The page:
As Kenya goes to the poll tomorrow, let us spare a minute to think about the children who form almost half the population of Kenya. Children are categorised as vulnerable groups in Article 53(1)d of the Constitution and every child has the right to be protected from, among other things, all forms of violence.

While children do not participate directly in elections, particularly in the voting processes, they are not exempt from consequences of a poorly managed election.

Our history is dotted with incidences in which children became collateral damage in matters that had little to do with them. And this is attributable to failure by election stakeholders to take measures to ensure transparent and credible elections, or citizens causing chaos when their expectations are not met. 

There are mixed feelings among voters, ranging from anxiety, aggression, excitement and fear. Children also feel these. Cases have been reported of children falling prey to political games and manipulation, as political actors, parents and guardians took advantage of them in their attempt to emotionally influence the electorate.

Pictures of politicians visiting schools, student choirs performing at political events, or student council representatives being influenced by politicians to campaign for a particular political formation are just some examples of the violations of children’s rights for political gain.

Children have continually borne the brunt of violence and anarchy that result from poorly managed elections. We are reminded of the brutal killing of baby Samantha Pendo and Stephanie Moraa Nyarangi, a nine-year-old girl, who was shot while standing on the balcony of her family’s apartment, just to mention a few. Children suffer when the population is displaced. Children are exposed to the dangers of harsh weather and suffer from hunger among other difficulties arising from chaotic elections.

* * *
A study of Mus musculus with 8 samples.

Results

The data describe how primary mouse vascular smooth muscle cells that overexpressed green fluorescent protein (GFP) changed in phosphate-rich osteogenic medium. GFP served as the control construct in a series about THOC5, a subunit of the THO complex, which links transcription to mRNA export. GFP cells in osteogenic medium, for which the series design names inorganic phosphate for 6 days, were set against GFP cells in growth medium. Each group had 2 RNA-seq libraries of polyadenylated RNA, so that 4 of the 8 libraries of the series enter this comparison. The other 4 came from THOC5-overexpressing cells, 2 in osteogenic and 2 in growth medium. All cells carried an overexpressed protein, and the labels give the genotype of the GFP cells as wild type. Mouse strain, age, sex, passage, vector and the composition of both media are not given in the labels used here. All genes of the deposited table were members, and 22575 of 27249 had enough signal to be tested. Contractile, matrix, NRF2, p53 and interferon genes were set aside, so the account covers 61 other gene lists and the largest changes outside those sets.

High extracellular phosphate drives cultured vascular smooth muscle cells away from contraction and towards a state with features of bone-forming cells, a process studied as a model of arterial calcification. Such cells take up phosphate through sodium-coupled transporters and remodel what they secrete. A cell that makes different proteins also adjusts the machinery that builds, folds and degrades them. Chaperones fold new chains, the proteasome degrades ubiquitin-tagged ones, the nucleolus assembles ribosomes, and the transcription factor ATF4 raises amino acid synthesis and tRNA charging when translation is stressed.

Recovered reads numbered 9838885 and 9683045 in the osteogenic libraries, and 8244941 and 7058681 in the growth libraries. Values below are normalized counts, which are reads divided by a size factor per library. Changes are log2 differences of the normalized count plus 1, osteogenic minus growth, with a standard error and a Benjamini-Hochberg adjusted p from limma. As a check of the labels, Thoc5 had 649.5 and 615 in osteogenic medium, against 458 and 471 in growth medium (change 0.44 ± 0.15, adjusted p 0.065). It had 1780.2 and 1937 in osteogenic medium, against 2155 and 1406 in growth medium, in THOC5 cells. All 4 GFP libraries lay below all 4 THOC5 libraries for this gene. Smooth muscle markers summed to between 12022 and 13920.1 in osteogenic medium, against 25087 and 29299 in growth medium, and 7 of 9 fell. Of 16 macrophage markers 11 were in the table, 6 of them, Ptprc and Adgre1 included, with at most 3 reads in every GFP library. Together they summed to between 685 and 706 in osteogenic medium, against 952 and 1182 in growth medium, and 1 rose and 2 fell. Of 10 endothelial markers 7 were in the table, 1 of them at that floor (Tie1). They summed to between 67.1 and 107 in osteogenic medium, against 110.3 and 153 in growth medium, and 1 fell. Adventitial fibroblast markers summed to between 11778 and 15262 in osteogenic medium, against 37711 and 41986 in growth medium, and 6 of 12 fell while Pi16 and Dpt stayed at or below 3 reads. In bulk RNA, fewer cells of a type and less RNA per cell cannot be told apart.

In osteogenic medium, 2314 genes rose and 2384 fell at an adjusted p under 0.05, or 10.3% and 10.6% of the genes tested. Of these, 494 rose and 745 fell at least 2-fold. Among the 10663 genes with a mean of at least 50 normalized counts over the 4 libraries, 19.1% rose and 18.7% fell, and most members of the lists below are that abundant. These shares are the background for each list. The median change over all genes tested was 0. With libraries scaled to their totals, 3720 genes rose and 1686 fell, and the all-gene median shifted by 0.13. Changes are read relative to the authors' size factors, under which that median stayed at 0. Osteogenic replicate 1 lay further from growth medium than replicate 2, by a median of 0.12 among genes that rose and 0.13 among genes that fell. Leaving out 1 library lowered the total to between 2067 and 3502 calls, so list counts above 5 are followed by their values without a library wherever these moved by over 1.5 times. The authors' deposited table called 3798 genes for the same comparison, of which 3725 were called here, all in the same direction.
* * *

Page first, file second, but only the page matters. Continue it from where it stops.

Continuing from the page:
And contrary to the common belief that children are no longer affected after the violence subsides, research reveals that children still suffer many years after being exposed to violence.

Thus, even short-term exposure to political violence may have long-lasting effects on children. Some have been diagnosed with increased aggression, erratic and delinquent behaviour, irregular sleep patterns, disturbed play and learning difficulties among other conditions.

Research by the Duke University Center for Child and Family Policy revealed that children have shown increased delinquent and aggressive behaviours, including bullying, vandalism, stealing and skipping school years after they have been exposed to violence.

This finding is buttressed by a study by the Department of Psychology, the University of Anbar, College of Education, Iraq, that the impact of violence on a child’s future psychological well-being depends on their age, coping mechanisms, and cognitive and verbal abilities.

Children feel secure and thrive in peaceful communities. The laws of Kenya recognise this fact, vide the provision that every child has the right to live, grow and develop in a safe environment and the right to protection from violence. 

Therefore, there is a need to remain sensitive to the plight of children even as we exercise our civic rights. This call is also for the voting public – it is our collective responsibility to carry ourselves in a way that does not instigate or promote violence.

Children should also be protected from all forms of violence that visit election periods, by ensuring that all stakeholders involved in the election process carry out their responsibilities in the best way possible to deliver a peaceful transition; a transition without violence, loss of life and free of threats to the lives of the children, who are he future of this great republic. 

We owe the children of this great republic a peaceful transition.